The U.S. Justice Department on Friday threw its support behind a Philadelphia veterans group suing to overturn the city’s ban on large, permitted events during the pandemic, even as coronavirus cases surge here and across the state.
In a “statement of interest” filed in the case in federal court, U.S. Attorney William M. McSwain accused city officials of unconstitutionally discriminating against certain types of speech by banning large, planned events like the Mummers Parade, while not applying those same standards to spontaneous protests that have sprung up against racial injustice over the past five months.
“This is a case about more speech, not less,” he wrote. “It is also a case about Philadelphia’s double standard whereby it treats some types of speech … more favorably than others. There is no possible public health justification for this double standard.”
The filing was submitted the same day that the Philadelphia Vietnam Veterans Memorial Society filed its lawsuit challenging the ban, naming Mayor Jim Kenney and Managing Director Tumar Alexander as defendants. The society is represented by attorneys from Faegre Drinker, the law firm at which McSwain was a partner before President Donald Trump appointed him the top federal prosecutor in the region in 2017.
U.S. District Judge Nitza Quiñones-Alejandro has not yet scheduled a hearing date for the case.
At a news conference Friday, McSwain said that the veterans group approached him seeking support for their legal challenge after members read news articles on a letter he wrote questioning the event ban in July soon after Kenney announced it.
But Kenney’s office noted it hadn’t been granting permits to protesters, either. The ban on large, planned gatherings applies to everything from permitted block parties to parades that draw thousands. A spokesperson for the mayor accused McSwain of “inciting” the veterans' lawsuit during “one of the most dangerous times in our pandemic.”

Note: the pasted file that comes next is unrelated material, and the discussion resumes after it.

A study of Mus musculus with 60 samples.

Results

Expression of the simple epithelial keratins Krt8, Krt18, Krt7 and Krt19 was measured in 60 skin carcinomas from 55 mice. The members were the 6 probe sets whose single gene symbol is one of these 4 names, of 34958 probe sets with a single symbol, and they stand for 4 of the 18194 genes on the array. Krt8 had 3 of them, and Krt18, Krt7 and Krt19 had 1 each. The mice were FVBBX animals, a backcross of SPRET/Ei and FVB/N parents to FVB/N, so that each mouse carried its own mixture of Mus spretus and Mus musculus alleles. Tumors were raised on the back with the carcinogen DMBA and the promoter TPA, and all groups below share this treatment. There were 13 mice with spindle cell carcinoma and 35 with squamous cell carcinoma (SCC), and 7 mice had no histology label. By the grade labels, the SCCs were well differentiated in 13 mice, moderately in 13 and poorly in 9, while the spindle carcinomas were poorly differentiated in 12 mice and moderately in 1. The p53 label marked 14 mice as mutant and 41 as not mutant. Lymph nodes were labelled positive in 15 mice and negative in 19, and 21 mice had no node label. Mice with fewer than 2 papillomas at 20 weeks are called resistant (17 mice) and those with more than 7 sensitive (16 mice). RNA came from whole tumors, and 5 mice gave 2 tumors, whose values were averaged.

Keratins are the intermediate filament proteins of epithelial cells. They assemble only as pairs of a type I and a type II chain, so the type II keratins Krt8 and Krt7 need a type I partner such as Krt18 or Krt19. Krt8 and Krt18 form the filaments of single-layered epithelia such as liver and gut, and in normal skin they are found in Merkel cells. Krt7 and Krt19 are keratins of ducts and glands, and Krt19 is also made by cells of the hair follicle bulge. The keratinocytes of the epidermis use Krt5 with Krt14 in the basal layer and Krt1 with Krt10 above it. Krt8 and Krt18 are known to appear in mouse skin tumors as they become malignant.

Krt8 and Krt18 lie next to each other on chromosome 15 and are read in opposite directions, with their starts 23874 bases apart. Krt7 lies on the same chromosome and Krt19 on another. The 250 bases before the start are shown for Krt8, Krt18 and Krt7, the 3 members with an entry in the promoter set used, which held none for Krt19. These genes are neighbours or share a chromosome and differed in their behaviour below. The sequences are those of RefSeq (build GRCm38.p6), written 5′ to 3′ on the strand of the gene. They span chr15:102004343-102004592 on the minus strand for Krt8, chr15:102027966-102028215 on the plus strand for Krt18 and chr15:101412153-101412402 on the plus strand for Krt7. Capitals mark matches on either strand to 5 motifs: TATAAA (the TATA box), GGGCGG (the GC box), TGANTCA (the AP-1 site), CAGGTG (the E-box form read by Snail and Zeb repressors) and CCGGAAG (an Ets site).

This week, Philadelphia has reported a seven-day rolling average of nearly 350 new coronavirus diagnoses a day — a level of infections not seen since the spring. And while the city’s case counts remain slightly below the peak they reached in early May, statewide positive tests have surged to record heights and had surpassed 2,000 on four consecutive days, the state said Friday.
“The only reason that the virus was beaten back at that time was the strict measures the city implemented to limit public congregation and to promote social distancing,” said Mike Dunn, a spokesperson for the mayor. “Efforts to further roll back these common sense, life-saving restrictions will exacerbate the situation, leading to more infections, hospitalizations, and deaths.”
McSwain shot back: “I haven’t heard a word from the mayor that the outdoor protests have caused the spread of COVID-19.”
The U.S. Attorney’s filing Friday echoed similar arguments made in other Justice Department challenges to coronavirus safety restrictions it has deemed unconstitutional across the country. Trump, meanwhile, has repeatedly attacked Gov. Tom Wolf’s statewide rules during the pandemic limiting events. He complained recently that Wolf’s rules have made it harder for him to find venues for his campaign rallies, some of which have been linked to coronavirus outbreaks.
“The solution is not to limit protests," McSwain said Friday. But "rather … to eliminate the event moratorium [altogether] and allow all speakers to express themselves in accordance with their constitutional rights.”
In their suit, the Philadelphia Vietnam Veterans Memorial Society argued that Philadelphia’s events ban — which was originally slated to last through February — is overly lengthy, favors those willing to ignore the city’s permitting process, and does not take into account evolving understandings of COVID-19 transmission, especially in outdoor space.
The virus has been blamed for 1,875 deaths in Philadelphia, and officials advise residents to wear masks and assume that everyone with whom they come in contact is infected.
In announcing that more students would be allowed to return to the campus for the spring semester, the University of Pennsylvania said that mask-wearing and other protocols would be in place.
In addition, those who do return will have to agree to be tested twice a week for the virus, the school said. Some other colleges nationally have required that much testing, though none in the Philadelphia region.
Ursinus College in Montgomery County requires students to be tested once a week.